Do the right thing.
I wasn’t sure I was going to write about this, so perhaps my colleagues, you will let me know your thoughts.
A new student transferred to my class a few weeks ago. Nothing unusual about this: we get new students all the time: current enrollment is over 850 students, 7&8th grade now. Just these past two weeks I’ve gotten two or three new students: shameful that I don’t know exactly? Yes. I agree. One of them has gang-related expulsion issues. I haven’t met her yet. Another has truancy issues. Haven’t met her yet either. Another quietly slipped in, barely said hello, and hasn’t said a word since. But I’m trying.
But one has made quite an impression on me. He’s engaging, outspoken, and takes up a lot of oxygen in the room. Not a problem. “Classroom Management” is one of those teacher catch-all phrases that can mean anything from “everyone has their head down and is doing their worksheets” to “the room isn’t on fire.”
He and I got off to perhaps a rocky start, not so much on my part: I let him know immediately how I expected the culture of my classroom to be, to feel, and even though he didn’t know me, he would have to believe in the actions of the other students that I have his best interest at heart, and to give me time, not judge me, but be respectful. At one point, I guess he was being disruptive, and I have my mother’s and grandmother’s “skill” of “resetting a room,” — just letting everyone know, right there and then, what is happening, what should stop happening, and where we are going: a student told the disruptive one, “Oh, Mrs. Love just put you in CHECK!”
Student decides he likes me–and if you teach, you know how critical this is to promote any learning. And if you teach at a high-risk school, you know it’s as important as say, floors or oxygen. He is much taller than I am (I am almost 5’9″) and he greets me during passing time with a hearty side-hug and a “What up my N________!?”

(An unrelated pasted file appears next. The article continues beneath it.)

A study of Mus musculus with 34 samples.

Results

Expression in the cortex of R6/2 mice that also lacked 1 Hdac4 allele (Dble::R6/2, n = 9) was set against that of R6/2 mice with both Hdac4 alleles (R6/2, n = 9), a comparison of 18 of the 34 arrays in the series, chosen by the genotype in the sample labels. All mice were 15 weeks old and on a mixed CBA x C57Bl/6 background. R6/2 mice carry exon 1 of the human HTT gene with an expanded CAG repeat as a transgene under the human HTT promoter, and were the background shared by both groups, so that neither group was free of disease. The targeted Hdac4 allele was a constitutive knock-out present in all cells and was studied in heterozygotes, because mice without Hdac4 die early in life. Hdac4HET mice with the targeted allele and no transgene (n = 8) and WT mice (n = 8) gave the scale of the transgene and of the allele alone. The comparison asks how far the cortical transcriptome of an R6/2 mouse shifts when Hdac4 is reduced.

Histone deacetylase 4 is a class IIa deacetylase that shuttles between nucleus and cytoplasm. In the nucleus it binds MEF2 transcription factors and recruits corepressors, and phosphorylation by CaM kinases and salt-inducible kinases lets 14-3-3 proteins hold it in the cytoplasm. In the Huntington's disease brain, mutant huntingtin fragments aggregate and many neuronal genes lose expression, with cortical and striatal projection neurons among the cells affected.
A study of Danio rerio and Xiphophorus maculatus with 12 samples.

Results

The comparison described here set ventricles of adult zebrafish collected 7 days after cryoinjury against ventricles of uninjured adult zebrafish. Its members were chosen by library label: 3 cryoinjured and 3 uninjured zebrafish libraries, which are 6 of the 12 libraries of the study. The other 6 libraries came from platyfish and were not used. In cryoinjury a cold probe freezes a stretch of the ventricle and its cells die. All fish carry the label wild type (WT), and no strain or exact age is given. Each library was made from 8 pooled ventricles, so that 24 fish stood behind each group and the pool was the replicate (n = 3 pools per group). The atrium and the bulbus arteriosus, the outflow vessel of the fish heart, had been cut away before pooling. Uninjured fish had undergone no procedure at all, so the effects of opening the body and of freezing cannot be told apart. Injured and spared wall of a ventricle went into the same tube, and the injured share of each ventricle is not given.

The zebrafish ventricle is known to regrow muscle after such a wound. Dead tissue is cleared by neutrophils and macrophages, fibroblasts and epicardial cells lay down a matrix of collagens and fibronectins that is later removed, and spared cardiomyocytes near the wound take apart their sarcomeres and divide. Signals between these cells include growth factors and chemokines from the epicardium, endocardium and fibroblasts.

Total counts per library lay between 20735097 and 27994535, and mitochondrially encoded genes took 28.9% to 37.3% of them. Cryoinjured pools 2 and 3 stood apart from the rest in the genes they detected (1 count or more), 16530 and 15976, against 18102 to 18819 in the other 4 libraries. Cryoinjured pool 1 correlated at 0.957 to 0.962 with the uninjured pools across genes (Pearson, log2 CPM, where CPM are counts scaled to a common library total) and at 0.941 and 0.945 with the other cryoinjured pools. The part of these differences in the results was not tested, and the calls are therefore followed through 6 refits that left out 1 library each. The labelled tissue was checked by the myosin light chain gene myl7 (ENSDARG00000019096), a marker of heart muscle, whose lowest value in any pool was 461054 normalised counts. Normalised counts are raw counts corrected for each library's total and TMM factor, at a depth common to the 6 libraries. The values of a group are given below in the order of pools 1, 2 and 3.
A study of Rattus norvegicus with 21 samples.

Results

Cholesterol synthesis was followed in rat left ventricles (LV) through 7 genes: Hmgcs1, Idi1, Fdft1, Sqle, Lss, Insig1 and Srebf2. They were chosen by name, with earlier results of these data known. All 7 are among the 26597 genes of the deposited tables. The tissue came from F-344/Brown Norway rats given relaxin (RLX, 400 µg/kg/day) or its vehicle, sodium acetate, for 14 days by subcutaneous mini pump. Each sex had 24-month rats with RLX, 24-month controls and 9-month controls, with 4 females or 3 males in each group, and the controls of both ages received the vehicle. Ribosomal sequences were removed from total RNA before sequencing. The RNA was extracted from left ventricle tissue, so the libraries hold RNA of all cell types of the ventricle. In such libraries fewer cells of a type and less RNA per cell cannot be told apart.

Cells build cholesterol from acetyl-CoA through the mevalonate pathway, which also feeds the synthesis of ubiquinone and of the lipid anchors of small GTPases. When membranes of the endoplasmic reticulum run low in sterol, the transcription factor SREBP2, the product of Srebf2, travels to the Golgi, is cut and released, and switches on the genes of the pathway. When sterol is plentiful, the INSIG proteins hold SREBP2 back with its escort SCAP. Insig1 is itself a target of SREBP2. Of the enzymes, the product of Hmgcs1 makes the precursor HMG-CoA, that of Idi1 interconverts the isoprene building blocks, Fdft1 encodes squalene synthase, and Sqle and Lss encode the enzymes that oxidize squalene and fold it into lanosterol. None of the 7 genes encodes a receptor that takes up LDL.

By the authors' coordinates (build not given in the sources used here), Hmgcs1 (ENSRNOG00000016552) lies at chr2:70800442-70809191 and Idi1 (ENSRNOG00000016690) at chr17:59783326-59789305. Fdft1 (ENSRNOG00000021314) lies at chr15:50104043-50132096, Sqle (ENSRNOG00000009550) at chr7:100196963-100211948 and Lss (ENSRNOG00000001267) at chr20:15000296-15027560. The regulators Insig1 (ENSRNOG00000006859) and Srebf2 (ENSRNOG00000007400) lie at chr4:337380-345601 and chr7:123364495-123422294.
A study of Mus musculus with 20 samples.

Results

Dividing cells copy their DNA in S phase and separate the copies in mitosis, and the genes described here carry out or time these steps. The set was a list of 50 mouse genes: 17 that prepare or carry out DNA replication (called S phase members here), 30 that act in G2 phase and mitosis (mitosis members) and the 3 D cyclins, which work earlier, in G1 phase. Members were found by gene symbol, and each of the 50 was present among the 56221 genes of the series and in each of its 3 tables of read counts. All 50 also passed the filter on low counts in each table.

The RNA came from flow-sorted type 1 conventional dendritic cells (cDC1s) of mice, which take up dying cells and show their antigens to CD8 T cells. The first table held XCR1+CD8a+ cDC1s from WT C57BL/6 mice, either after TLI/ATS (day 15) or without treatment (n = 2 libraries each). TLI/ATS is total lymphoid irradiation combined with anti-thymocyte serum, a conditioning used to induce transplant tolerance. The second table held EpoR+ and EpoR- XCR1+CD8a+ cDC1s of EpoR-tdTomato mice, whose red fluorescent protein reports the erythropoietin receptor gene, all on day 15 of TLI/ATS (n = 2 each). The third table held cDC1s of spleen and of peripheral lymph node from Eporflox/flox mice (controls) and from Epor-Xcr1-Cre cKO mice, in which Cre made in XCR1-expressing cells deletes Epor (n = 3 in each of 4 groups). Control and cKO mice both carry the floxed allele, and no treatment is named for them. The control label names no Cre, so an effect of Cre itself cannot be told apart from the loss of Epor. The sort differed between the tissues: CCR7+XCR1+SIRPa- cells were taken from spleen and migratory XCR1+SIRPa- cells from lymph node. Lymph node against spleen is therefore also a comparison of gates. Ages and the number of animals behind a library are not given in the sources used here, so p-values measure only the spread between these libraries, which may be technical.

There may be a different reaction from any given teacher. My reaction was, first, “Did he just say what I thought he said?” to , “Huh, better address that one soon!”
I wasn’t offended though. I know he meant it affectionately. The power of a word, owning it, saying it, is huge. But I would never consider, using this racial epithet in any context, unless it was a read aloud of Mice and Men, or Huckleberry Finn. And even then it would feel chalky in my mouth. I explained to this student the next morning (while he was being processed by another teacher for disruptions), about my views on this word, that I know he didn’t mean it to be disrespectful, but from my upbringing and values, couldn’t put a mere “pass” on it, because people died fighting for civil rights, and the dignity to be addressed as a human. If one person doesn’t have their rights, no one does.
But my little talk doesn’t make racism go away.
Fast forward to the Absolutely True read aloud. We get to the chapter where Junior talks about the rules of fisticuffs (try explaining that one) and the GIANT WHITE BOY’S most extreme racist joke*. And then try to explain why the joke is so offensive. Sherman Alexie first eases the reader into this with the use of the school’s Indian mascot. Some of the students smirk at this, but most do not. I stop and illustrate: “What if our school had a Mexican wearing a sombrero, taking a nap under a cactus?” (Most Hispanic students laugh). Or, an African American mascot standing out in a cotton field? Or a overweight white lady wearing polyester pants with a big jar of mayonnaise?
The *joke is so offensive because it dehumanizes. We talked about why, when Junior punches the racist student, the student just looks hurt, and dismissive. Every student answered it was because the GIANT WHITE BOY was scared of Junior, or Junior was crazy. Not one of them saw that it was because the white kids saw Junior as less than human, less than worthy of his attention.
I won’t be hypocritical here either. I think it’s funny when in “Raising Arizona” a mean-spirited and ignorant character tells a off-color Polish joke to a Polish polish officer. I appreciate when humorists do crafted satire to show how ridiculous stereotypes can be. And how could I be mad when student sincerely greets me with his warmest version of hello?
It just means that I will take those opportunities to explain why. That’s the right thing to do.